With continually-rising health benefits costs, more and more employers are looking to High Deductible Health Plans as a way to mitigate their rising expenses. Unfortunately this change in plan design means that the employees are left with an increased exposure for out-of-pocket costs related to the higher deductibles. Many employees are more familiar with the flat dollar copay that is common with a traditional insurance plan. Employers therefore frequently lessen the pain of the higher out-of-pocket costs by offering contributions to tax vehicles such as Health Savings Accounts.
Many individuals who participate in a high deductible health plan (HDHP) also have the option to make pretax contributions to a health savings account (HSA). Funds in the HSA can then be used to pay for medical expenses. There are a lot of rules about Health Savings Accounts (HSAs) because of the tax breaks associated with them. To be able to make HSA contributions, therefore, the health plan member cannot have any “disqualifying coverage”.
Disqualifying coverage includes any health coverage that provides a benefit (other than preventive care) before
the HDHP deductible is met, often termed “first dollar benefits”. A telemedicine benefit could count as disqualifying coverage, for example, if the employer pays a portion of the cost of a telemedicine consultation, or the participant pays less than fair market value for access to the consultation, before meeting the HDHP deductible. As such, employers that sponsor HDHPs will want to consider the implications for HSAs if they decide to provide a telemedicine benefit.
Does using Telemedicine Disqualify You from Contributing to an HSA?
First, it is important to differentiate between two questions:
- CAN YOU OFFER A TELEMEDICINE PLAN ALONGSIDE AN HSA?
- CAN YOU PAY FOR A TELEMEDICINE PLAN USING HSA FUNDS?
Learn how Telemedicine Benefits Small Employers
To answer the first question, it is important to know that a telemedicine plan is not insurance. Also, telemedicine plans are not intended to replace your primary care physician or treat chronic or emergency conditions.
Because the limitations to HSAs apply to insurance programs that cover all out of pocket expenses, the first dollar coverage stipulation shouldn’t apply, but opinion among many insurance professionals varies on this interpretation. AllyHealth recommends that if you’re interested in this approach, you consult your insurance broker, consultant, or attorney for a more formal interpretation of this issue.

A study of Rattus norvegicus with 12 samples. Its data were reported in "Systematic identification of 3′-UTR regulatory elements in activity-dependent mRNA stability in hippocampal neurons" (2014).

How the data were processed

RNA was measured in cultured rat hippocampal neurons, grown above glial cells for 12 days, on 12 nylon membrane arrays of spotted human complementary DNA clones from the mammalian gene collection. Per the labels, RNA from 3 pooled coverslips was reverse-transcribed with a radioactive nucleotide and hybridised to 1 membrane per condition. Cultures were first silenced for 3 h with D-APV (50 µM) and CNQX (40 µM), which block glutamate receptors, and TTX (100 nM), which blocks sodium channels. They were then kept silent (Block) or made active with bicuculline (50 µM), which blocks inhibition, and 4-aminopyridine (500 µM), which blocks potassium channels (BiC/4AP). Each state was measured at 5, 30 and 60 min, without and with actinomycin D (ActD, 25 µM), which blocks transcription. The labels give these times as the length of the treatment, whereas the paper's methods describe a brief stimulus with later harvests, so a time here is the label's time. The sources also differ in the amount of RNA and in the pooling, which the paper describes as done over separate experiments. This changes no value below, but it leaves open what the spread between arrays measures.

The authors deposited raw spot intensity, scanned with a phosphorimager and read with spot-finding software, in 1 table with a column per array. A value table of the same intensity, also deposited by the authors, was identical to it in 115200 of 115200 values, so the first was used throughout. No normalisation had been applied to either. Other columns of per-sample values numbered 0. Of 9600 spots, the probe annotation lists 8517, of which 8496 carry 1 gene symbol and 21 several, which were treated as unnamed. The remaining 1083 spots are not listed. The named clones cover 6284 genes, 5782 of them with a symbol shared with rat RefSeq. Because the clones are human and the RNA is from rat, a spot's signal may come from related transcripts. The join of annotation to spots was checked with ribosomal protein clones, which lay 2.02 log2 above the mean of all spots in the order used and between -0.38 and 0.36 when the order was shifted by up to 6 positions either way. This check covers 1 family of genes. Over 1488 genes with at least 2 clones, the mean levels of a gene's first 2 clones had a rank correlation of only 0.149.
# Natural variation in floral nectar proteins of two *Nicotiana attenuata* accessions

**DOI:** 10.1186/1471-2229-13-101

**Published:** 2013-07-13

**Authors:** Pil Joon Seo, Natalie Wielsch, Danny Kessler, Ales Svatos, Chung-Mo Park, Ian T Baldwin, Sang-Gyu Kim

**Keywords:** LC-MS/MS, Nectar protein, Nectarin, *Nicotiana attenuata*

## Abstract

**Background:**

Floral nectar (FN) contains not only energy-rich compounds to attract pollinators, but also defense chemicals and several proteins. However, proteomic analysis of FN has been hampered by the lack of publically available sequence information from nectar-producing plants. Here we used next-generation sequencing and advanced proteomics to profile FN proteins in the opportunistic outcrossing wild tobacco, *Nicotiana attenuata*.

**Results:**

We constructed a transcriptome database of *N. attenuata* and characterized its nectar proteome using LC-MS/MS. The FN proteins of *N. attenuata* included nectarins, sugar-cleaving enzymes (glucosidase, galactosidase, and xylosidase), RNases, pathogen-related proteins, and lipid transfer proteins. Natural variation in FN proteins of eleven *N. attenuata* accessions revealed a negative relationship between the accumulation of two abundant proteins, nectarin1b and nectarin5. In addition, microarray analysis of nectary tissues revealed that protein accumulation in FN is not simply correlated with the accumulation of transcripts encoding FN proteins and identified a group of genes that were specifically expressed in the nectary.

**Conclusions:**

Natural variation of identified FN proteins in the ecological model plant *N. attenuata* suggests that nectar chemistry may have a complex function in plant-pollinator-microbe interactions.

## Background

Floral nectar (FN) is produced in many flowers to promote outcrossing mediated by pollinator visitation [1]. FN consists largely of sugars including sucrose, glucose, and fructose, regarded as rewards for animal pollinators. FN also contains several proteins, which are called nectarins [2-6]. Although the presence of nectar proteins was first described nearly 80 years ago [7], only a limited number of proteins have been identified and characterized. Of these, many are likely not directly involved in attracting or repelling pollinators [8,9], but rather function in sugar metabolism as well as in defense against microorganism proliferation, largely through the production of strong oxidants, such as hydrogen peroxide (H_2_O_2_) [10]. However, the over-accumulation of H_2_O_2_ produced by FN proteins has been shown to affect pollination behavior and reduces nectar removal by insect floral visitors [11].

So, yes, you should be able to offer a telemedicine plan along with an HSA, but confirm this with your advisors.
The second question is a bit trickier and really depends on how your plan is designed. The regulations around HSAs like to see a direct correlation between money spent and services received. They don’t like money being spend on a program that gives you the right to use it, but rather, they like money being spent in a manner that you can see money going out in direct exchange for services coming in.
AllyHealth’s telemedicine service is designed with no copay for unlimited consults.
So, with that setup, you are paying for the right to use the service, rather than paying for each particular use (as you would with a copay). There is not a strict dollar out, services received relationship.
As a result, you cannot use your HSA funds to pay for the monthly membership for AllyHealth’s telemedicine plans, since it is set up without a copay requirement.
As a general rule, you cannot pay for a monthly telemedicine service with an HSA, but if your plan is set up where you have a copay for a consultation, you can pay that copay with HSA funds. For this reason, AllyHealth can offer pay-per-consult telemedicine plans for customers that feature qualified high-deductible health plans and health savings accounts. This way, they can take advantage of the exciting cost-savings potential of telemedicine but remain compliant.
Other Considerations About HSA’s and Telemedicine
The amount of money that is saved by each employee by not having to pay for doctors visits, even paying with pre-tax money, is much greater than the amount they save by having that money be tax-exempt. So, it’s much better for an employee to have to contribute less money to their HSA because they don’t need as much, than it is for them to contribute more, just because it’s tax-exempt.
While this is tricky, and we aren’t lawyers, we are confident that these guidelines are correct. As always, if you have any questions, you’re welcome to contact us.